CIE A Level Biology (9700) 2019-2021

Revision Notes

16.3.2 Gene Control: Lac Operon

Gene Control: Lac Operon

  • Regulatory genes control structural genes and their levels of protein production
  • Regulatory genes sometimes have control over several structural genes at once
  • Structural genes in prokaryotes can form an operon: a group or a cluster of genes that are controlled by the same promoter
  • The lac operon found in some bacteria is one of the most well-known of these
  • The lac operon controls the production of the enzyme lactase (also called β-galactosidase) and two other structural proteins
  • Lactase breaks down the substrate lactose so that it can be used as an energy source in the bacterial cell
  • It is an inducible enzyme that is only synthesized when lactose is present
  • This helps prevent the bacteria from wasting energy and materials

Structure of the lac operon

  • The components of the lac operon are found in the following order:
    • Promoter for structural genes
    • Operator
    • Structural gene lacZ that codes for lactase
    • Structural gene lacY that codes for permease (allows lactose into the cell)
    • Structural gene lacA that codes for transacetylase
  • Located to the left (upstream) of the lac operon on the bacterium’s DNA there is also the:
    • Promoter for regulatory gene
    • Regulatory gene lacI that codes for the lac repressor protein
  • The lac repressor protein has two binding sites that allow it to bind to the operator in the lac operon and also to lactose (the effector molecule)
    • When it binds to the operator it prevents the transcription of the structural genes as RNA polymerase cannot attach to the promoter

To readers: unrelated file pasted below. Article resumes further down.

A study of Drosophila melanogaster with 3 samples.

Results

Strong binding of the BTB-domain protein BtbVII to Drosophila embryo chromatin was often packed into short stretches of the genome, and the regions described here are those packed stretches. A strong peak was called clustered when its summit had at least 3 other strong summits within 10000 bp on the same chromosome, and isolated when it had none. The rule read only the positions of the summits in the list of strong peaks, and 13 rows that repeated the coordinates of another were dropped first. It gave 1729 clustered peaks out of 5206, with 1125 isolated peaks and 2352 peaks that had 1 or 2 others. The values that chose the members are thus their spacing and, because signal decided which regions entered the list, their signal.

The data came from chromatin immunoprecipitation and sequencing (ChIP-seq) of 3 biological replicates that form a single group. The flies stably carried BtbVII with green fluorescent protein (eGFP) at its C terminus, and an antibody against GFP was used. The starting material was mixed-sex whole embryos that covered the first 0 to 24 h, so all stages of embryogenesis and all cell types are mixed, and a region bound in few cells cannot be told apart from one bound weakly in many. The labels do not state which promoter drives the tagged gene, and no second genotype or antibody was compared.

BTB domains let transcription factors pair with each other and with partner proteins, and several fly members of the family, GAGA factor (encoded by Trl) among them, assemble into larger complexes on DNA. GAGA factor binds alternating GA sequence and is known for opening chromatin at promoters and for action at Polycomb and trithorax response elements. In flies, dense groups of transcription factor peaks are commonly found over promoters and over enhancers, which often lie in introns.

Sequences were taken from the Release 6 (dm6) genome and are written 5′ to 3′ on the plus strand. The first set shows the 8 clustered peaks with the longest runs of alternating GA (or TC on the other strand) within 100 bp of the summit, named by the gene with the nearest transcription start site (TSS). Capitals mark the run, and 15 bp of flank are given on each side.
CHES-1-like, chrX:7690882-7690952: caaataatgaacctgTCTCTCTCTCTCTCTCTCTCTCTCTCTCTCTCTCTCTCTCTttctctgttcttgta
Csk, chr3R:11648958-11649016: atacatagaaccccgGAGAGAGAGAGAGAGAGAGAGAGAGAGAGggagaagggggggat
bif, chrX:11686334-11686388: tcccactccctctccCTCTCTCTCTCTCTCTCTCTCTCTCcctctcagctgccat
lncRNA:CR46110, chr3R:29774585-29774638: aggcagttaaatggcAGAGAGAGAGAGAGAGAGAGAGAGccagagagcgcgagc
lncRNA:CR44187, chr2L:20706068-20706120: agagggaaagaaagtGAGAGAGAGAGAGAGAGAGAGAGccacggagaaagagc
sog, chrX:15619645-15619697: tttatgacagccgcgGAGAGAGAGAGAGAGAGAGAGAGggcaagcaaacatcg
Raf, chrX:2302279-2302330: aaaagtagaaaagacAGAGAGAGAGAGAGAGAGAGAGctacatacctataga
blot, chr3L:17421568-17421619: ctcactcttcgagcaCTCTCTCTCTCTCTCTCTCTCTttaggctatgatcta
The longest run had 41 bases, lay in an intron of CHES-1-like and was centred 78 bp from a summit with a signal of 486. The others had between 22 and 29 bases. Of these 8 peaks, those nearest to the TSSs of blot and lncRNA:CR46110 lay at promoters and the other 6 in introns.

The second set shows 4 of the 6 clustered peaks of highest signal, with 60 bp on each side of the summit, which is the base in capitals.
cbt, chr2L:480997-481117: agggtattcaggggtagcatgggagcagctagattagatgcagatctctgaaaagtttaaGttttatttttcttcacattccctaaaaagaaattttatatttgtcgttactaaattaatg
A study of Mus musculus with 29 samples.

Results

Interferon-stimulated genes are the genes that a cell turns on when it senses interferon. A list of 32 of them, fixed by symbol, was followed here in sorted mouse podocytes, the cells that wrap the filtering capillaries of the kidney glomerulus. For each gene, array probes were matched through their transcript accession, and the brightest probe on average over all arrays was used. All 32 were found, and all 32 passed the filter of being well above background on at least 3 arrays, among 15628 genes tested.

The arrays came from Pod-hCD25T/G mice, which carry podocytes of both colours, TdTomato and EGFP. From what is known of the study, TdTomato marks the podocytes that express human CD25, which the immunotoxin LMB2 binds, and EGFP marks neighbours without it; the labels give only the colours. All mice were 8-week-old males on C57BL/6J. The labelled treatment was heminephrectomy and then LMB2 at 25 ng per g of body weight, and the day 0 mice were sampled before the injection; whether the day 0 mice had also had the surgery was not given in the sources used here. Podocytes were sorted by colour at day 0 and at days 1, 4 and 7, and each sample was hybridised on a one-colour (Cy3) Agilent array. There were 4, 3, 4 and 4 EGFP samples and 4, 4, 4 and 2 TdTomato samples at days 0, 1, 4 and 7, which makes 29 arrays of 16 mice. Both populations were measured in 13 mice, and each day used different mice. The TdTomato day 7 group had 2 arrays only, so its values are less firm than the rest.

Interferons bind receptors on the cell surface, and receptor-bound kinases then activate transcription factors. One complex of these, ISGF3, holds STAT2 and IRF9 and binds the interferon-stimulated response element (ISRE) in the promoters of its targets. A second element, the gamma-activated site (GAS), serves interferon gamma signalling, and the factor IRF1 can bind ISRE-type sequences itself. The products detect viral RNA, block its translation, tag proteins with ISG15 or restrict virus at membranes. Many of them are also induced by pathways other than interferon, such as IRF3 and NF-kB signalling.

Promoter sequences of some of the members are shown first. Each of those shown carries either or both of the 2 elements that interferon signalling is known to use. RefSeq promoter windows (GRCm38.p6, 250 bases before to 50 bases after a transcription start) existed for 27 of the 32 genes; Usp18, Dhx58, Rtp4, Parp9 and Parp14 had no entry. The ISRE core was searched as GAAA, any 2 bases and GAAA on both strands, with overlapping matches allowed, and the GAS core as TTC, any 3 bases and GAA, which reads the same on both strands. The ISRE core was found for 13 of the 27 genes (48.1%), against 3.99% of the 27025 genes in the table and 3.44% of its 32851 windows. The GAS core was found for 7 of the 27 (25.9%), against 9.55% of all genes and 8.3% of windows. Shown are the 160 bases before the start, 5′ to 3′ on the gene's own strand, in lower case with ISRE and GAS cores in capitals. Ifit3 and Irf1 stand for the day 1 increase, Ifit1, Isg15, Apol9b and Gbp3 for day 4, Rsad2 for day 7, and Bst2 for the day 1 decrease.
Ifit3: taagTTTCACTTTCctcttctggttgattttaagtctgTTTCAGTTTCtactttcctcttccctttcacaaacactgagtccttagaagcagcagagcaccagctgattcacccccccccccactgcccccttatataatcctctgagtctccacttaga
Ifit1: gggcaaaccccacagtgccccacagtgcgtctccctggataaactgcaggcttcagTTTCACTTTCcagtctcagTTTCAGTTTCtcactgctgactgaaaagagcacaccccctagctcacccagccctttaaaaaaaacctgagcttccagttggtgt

• When it binds to lactase the shape of the repressor protein distorts and it can no longer bind to the operator

When lactose is absent

  • The following processes take place when lactose is absent in the medium that the bacterium is growing in:
    • The regulatory gene is transcribed and translated to produce lac repressor protein
    • The lac repressor protein binds to the operator region upstream of lacZ
    • Due to the presence of the repressor protein RNA polymerase is unable to bind to the promoter region
    • Transcription of the structural genes does not take place
    • No lactase enzyme is synthesized

When lactose is present

  • The following processes take place when lactose is present in the medium that the bacterium is growing in:
    • There is an uptake of lactose by the bacterium
    • The lactose binds to the second binding site on the repressor protein, distorting its shape so that it cannot bind to the operator site
    • RNA polymerase is then able to bind to the promoter region and transcription takes place
    • The mRNA from all three structural genes is translated
    • Enzyme lactase is produced and lactose can be broken down and used for energy by the bacterium

Exam Tip

The example above explains how the genetic control of an inducible enzyme works. You could get some questions on the genetic control of repressible enzymes.

In this mechanism an effector molecule also binds to a repressor protein produced by a regulatory gene. However this binding actually helps the repressor bind to the operator region and prevent transcription of the structural genes. So it’s the opposite of the lac operon: when there is less of the effector molecule, the repressor protein cannot bind to the operator region and transcription of the structural genes goes ahead, meaning the enzyme is produced.

Author: Lára

Lára graduated from Oxford University in Biological Sciences and has now been a science tutor working in the UK for several years. Lára has a particular interest in the area of infectious disease and epidemiology, and enjoys creating original educational materials that develop confidence and facilitate learning.